Sotomayor Choice Widely Popular, But A Quarter of Hispanics Disapprove
Judge Sonia Sotomayor enjoys wide popularity as her confirmation for Supreme Court enters its early stages. But among the groups registering a small amount of skepticism is Sotomayor's own -- Hispanics.
President Barack Obama's choice for the Court is approved by 55 percent of all voters surveyed, compared to 25 percent who disapprove, according a new Quinnipiac University National Poll of 3,000 voters nationwide.
Broken down by party, the Second Circuit Court of Appeals judge earns almost unanimously positive reviews among Democrats -- 80 percent of whom support her nomination, only five percent of whom oppose. Among independent voters, 53 percent support Sotomayor and 26 percent oppose. Republicans oppose the Sotomayor nomination 47 percent to 30 percent.
Parsing the numbers according to religious or ethnic background, the results are a bit more surprising. Sotomayor has a 58 percent approval rating among Hispanic voters and a 24 percent disapproval rating. By comparison, among black voters, 85 percent said they supported her nomination to the Supreme court, while only two percent were opposed. Sixty-six percent of Jewish voters back Sotomayor, while 18 percent were opposed.
One of the factors behind these numbers may be that Hispanics are more conservative than widely believed. When asked whether Sotomayor "is more liberal than you would like" for a Supreme Court justice, a quarter of Hispanic respondents responded, "yes." Only 11 percent said that Sotomayor is "not liberal enough," while 46 percent said that her position on the political spectrum is "about right."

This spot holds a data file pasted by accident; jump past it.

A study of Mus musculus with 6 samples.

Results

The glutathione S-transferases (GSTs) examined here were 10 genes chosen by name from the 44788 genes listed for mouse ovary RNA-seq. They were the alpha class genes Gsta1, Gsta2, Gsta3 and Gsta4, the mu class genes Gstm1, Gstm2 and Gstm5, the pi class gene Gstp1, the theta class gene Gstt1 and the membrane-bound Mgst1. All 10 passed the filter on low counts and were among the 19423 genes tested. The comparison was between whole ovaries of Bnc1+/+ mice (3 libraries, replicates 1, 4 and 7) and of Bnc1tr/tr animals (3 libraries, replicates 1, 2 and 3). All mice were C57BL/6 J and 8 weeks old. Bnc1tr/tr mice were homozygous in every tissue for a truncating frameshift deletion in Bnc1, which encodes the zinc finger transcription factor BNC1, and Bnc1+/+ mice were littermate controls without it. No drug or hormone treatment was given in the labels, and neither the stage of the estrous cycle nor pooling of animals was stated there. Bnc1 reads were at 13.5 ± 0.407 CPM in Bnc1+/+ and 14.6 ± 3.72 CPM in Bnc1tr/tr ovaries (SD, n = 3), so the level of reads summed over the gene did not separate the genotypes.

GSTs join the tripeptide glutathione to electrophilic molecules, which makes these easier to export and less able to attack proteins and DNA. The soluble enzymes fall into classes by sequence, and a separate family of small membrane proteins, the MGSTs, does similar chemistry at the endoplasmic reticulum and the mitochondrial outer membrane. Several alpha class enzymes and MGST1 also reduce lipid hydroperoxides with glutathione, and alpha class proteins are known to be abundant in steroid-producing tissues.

In addition, according to the same survey, Hispanics were more prone than and other group -- Whites, Blacks, Evangelicals, Protestants, Catholics, Jews, Woman, Men, even McCain supporters -- to say that they approved of the way Republicans in Congress were handling their jobs.
That said, Obama's Supreme Court nominee does have popular support among the vast majority of ethnic, religious and even ideological groups, paving the way for what should be a smooth confirmation.
"To a considerable degree, feelings about the wisdom of Judge Sotomayor's selection match attitudes about President Barack Obama. Those who are most supportive of the President - Democrats, racial minorities, Jews and liberals - are the most in her corner," said Peter Brown, assistant director of the Quinnipiac University Polling Institute. "Those who are least happy with the president - Republicans, conservatives and white evangelical Christians -- are more likely to oppose her nomination."